Meet the Food52 editor who is inspired by poetry, kindness, houseplants, and Tamar Adler.
Before Caroline Lange had finished even her first week here, I had received the same message from two different friends: "Caroline Lange works at Food52?!"
Though neither one of them knew Caroline personally, both quickly explained that she was campus-famous, someone everyone at their college knew and loved and was "obsessed with" (real words). We had a real celebrity among us—and in just a short time, I, too, understood what all the Caroline fuss was about.
Caroline is careful with both her words and her produce; she selects each adjective and apple as if she were constantly wearing white gloves. At the farmers market, one of Caroline's favorite places, she refers to the fruits and vegetables as "sweet things" and "tender little guys." When you're in the radius of Caroline, who is admiring fall's first brussels sprouts or the summer's last plums, it's impossible to be grumpy.
Since joining our editorial team as Assitant Editor, Caroline has not only brought new energy and excitement; she's also taught us how to make shrub and switchel and to use the dregs of the yogurt container and the peanut butter jar. She's demystified the word "gratin" (because what the heck is a gratin anyway?!) and assured us it is not just okay, but really smart, to put green beans on sandwiches. And it's Caroline who broke the story of Squash Gate 2015.
Here's a little bit more about Caro, in her own words:
What's one quotation that means something to you, and why?
The first line of Mary Oliver's poem "Wild Geese" will always make something buzz in me: "You do not have to be good." I heard recently in an interview of hers that the poem (which is arguably one of her best known) was actually an off-handed exercise in full-stop lines (lines of poetry that end at the same point that the line breaks).
And "You do not have to be good" is such a fully stopped, complete-in-every-way mouthful of a line. It's a good mantra—not that you don't have to be kind, or thoughtful, because I really value kindness and thoughtfulness. But not having to be good eliminates the pressure or expectation (often internal) to always put others before yourself.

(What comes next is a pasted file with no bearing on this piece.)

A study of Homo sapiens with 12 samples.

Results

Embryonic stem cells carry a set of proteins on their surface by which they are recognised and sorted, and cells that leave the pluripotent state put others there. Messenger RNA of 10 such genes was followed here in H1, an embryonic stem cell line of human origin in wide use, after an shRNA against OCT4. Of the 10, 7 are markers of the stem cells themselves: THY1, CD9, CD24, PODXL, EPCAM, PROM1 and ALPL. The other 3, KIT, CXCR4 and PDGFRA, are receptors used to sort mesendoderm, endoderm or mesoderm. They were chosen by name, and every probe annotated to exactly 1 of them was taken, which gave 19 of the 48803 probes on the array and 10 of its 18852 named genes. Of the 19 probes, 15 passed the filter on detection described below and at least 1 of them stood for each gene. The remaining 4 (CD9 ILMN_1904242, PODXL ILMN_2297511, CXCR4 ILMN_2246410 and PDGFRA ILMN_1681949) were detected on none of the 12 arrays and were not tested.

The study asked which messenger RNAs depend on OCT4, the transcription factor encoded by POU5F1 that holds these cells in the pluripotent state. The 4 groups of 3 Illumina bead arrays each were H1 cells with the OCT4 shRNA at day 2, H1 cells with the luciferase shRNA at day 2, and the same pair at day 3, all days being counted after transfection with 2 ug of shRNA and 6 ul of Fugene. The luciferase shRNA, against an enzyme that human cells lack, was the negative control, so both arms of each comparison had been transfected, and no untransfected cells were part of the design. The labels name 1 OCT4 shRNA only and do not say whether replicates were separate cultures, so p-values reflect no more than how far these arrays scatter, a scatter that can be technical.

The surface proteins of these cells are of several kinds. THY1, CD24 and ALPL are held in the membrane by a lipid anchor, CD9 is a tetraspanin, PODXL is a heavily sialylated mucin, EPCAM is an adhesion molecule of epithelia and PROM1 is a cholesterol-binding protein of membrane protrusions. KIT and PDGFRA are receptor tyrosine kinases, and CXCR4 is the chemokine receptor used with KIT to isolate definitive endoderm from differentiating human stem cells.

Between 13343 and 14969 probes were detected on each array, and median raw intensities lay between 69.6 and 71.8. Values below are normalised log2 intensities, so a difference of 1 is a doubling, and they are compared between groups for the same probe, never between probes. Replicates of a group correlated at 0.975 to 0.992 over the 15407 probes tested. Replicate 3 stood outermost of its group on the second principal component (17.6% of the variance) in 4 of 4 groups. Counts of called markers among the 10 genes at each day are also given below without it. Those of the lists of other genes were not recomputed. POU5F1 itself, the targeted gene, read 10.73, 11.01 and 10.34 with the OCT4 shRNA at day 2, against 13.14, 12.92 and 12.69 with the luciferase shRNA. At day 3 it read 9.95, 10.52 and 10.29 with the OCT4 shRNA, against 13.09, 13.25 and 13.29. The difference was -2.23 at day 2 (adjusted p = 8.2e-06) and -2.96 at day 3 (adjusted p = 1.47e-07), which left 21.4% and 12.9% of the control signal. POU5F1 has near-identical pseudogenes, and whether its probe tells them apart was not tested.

You went to college in Manhattan, so you've been here for some time and have moved around a bunch. How do you make an apartment feel like home?
It was pretty weird not going back to school for the first time this fall, but one of the best things about it is that I didn't have to move. I've had my share of boxy white dorm rooms and wacky Craigslist situations, so it's a huge relief to be in an apartment, which I love, for at least a year.
Wherever I am starts to feel like home when there are things up on the walls (I always tack up pictures and prints the same day as I move—I can't sleep in an empty room), lots of plants on the windowsills, and I've cooked and eaten something there.
Is there anything about New York that continues to surprise you?
New Yorkers' weird social code of not speaking, smiling, or looking to and at strangers—a code only ever excused, it seems, when you need to ask someone for directions or when you're at the farmers market. I think it's why I like going to the market so much.
What are your biggest pet peeves?
When there's no serial comma. Also the phrase "no offense."
Who has changed the way you think about food/cooking/life?
Tamar Adler. An Everlasting Meal was like one long meditation for me on what I cook, how I cook, and how I eat. It made me both an economical, appreciative cook and someone who composts with abandon. And this isn't a person, but the CSA I helped coordinate in college made my cooking and eating very rooted in the seasons and in a sense of community. Some of my happiest fall Sundays were spent helping our farmer unload, divvying vegetables to shareholders, and then hauling my own share home and cooking from it.
What do you do to relax?
I LOVE crossword puzzles. They're my favorite thing to do on the train ride home from work.